Football is a game that is often shared between fathers and sons. We usually learn about the sport when we’re young children watching with our dads on a Sunday afternoon. Throughout the century of Packers football, there have been two father and son duos and one grandfather, grandson pairing that have suited up for the Packers.
The most famous duo is Elijah and Ron Pitts. The Packers selected Elijah in the thirteenth round of the 1961 NFL draft out of Philander Smith College. He spent most of his career as a backup to Hall of Fame halfback Paul Hornung. Elijah’s most productive season came in 1966 when Hornung was injured and Pitts took over the starting halfback duties. He scored two touchdowns in Super Bowl I against the Chiefs, rushing for 45 yards in 11 carries.
Elijah played for the Packers from 1961-69 and then again in 1971. He later scouted for the Packers and spent more than two decades as an assistant coach with the Rams, Bills and Oilers.
The senior Pitts was elected into the Packers Hall of Fame in 1979. He died of stomach cancer in 1998 at the age of 60.
His son, Ron, was a defensive back and return specialist who played in the NFL between 1986-1990. Ron started his NFL career with the Bills where his dad was an assistant coach. The Bills cut him loose in 1988 and the Packers picked him up when DB Norman Jefferson was lost for the season with a knee injury in Week 2.
Ron’s biggest moment with the Packers came in the season finale of the 1988 season against the Phoenix Cardinals. Pitts returned a Greg Horne punt 63 yards for a touchdown to put the Pack ahead 7-0 in a game they went on to win 26-17. The victory guaranteed that the Dallas Cowboys and not the Packers would get the first overall pick in the 1989 draft. The Cowboys selected future Hall of Fame quarterback Troy Aikman. The Packers used the second overall selection on Michigan State offensive tackle Tony Mandarich who never lived up to expectations.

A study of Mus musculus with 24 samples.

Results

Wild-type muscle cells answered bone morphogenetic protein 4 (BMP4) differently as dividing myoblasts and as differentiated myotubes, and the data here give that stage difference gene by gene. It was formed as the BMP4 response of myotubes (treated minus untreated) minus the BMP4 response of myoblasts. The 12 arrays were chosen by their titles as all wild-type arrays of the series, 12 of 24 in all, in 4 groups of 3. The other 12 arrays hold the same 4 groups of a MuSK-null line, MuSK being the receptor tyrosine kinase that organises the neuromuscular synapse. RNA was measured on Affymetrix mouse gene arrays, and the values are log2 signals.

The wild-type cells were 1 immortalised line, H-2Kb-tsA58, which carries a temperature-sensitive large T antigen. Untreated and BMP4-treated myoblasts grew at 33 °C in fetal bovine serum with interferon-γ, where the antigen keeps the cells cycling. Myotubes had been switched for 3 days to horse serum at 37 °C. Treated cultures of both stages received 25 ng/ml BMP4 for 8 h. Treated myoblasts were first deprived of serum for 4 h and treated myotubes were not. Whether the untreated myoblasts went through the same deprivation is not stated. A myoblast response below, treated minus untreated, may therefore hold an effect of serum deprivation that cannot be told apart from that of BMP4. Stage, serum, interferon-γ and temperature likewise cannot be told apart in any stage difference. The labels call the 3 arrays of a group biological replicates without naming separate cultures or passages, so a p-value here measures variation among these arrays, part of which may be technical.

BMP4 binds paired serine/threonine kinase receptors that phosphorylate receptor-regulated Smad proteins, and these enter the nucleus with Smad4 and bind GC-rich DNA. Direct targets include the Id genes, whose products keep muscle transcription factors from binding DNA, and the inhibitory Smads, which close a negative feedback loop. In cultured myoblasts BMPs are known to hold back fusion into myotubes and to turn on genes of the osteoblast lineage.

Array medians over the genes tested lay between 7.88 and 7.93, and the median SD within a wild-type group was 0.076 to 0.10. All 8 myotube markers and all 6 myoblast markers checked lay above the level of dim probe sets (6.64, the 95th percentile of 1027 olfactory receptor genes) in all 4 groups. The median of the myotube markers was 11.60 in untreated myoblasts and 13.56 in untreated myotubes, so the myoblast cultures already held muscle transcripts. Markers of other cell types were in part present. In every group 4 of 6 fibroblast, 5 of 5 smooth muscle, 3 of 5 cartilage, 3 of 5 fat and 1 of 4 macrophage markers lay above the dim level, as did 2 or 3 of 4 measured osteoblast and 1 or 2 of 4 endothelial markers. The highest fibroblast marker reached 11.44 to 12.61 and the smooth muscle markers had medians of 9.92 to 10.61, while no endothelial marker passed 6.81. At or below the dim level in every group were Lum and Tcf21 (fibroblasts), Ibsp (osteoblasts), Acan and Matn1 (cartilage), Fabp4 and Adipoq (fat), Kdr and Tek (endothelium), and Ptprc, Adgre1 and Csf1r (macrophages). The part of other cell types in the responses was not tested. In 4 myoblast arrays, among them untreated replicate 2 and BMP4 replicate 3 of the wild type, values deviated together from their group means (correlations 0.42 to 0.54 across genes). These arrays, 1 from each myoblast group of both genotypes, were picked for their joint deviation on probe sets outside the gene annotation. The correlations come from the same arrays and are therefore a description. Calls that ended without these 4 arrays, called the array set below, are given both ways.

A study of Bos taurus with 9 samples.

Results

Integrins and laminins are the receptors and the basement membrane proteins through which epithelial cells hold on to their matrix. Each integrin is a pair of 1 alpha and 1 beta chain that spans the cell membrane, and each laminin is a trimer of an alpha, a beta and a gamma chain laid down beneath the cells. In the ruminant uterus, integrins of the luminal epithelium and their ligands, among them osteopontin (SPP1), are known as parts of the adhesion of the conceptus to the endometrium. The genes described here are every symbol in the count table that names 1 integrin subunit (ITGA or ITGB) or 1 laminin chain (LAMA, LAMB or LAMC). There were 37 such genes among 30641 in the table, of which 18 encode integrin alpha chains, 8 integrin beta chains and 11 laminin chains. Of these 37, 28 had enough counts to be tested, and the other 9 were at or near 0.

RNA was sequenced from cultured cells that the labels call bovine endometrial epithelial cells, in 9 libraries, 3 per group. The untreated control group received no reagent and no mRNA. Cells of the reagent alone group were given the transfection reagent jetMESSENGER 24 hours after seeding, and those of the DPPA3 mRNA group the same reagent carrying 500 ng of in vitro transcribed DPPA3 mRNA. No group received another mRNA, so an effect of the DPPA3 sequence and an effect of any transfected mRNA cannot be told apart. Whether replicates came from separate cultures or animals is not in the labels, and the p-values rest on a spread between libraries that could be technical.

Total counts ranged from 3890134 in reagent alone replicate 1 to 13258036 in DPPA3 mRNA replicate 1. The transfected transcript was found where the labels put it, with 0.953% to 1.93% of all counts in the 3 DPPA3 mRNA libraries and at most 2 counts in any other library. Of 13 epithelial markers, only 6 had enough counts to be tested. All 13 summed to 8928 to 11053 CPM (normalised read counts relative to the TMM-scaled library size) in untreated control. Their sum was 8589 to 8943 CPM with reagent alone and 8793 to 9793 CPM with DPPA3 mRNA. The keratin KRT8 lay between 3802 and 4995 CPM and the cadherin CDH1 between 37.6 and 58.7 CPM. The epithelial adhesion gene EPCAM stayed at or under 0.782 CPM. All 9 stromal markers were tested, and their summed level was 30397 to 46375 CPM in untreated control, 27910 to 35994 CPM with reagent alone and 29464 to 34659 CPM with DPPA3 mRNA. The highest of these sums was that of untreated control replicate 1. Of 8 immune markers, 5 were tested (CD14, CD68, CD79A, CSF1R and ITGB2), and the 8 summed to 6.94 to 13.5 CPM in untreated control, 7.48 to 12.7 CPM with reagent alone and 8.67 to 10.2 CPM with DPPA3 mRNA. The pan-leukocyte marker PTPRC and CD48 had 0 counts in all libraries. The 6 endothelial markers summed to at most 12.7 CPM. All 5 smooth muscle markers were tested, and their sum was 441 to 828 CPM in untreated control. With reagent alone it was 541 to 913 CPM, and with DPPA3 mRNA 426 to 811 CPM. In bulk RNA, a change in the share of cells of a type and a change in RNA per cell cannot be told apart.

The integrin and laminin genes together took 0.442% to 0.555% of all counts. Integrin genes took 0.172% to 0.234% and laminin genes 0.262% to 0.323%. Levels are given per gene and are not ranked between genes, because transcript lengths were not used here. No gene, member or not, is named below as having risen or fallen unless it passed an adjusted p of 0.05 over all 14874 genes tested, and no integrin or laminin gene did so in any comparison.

Ron later worked as a broadcaster on NFL and college football games for Fox, ABC and CBS.
The second father-son pairing that played for the Pack was Jim Flanigan Sr. and his son, Jim Flanigan, Jr.
The Pack selected Jim Flanigan, Sr. in the second round of the 1967 draft out of the University of Pittsburgh. Flanigan played as a backup linebacker and special teams player for the Packers between 1967 and 1970 and was a member of Vince Lombardi’s final championship team that won Super Bowl II. He played for the Saints in 1971 before his NFL career ended.
Jim Flanigan, Jr. spent most of his NFL career with the rival Bears, playing defensive tackle for Chicago between 1994 and 2000.
“There wasn’t a whole lot I could do about it,” Flanigan said about being drafted by the Bears. “I wanted to play for Green Bay, and the rumor was the Packers were considering taking me in the second round. I didn’t think the Bears’ coaching staff was interested in me. But I was just happy to be in the NFL.”
In 2001, the Packers signed the younger Flanigan. He played in all 16 games for the Packers, starting eight of them. He recorded 4.5 sacks including two sacks in the season opener against Detroit as the Packers finished with a 12-4 record.
After his playing career ended, he returned to live in Green Bay. “This franchise is so unique and a great model for community involvement for professional sports. I love living here and being close to my family,” Flanigan said in 2012.
In addition to the father and son duos, the Packers had one grandfather-grandson team play for the franchise. LaVern “Lavvie” Dilweg played end for the Pack between 1927-1934. He was a member of the Packers three consecutive championship teams in 1929, 30 and 31. Dilweg was a five-time All-Pro between 1927-31, was named to the NFL’s All-Decade Team of the 1920s and is a member of the Packers Hall of Fame.
After his playing career, Lavvie served as a Congressman from Wisconsin from 1943 to 1945. He later practiced law in Green Bay. Dilweg passed away at the age of 64 in 1968.
His grandson, Anthony, was the Packers third-round pick out of Duke in 1989. In 1990, when starter Don Majkowski staged a holdout for a better contract, Dilweg took over as the starter. His best game came in the season opener when he threw three touchdown passes and led the Pack to a 36-24 victory over the Rams. For his performance, he was named the NFC offensive player of the week.
Dilweg’s career in Green Bay ended after the 1990 season. He played in the WLAF in 1992 with the Montreal Machine before his pro football career came to an end.
So, the Packers have had their share of family connections over the years. I want to wish everybody a very happy Father’s Day.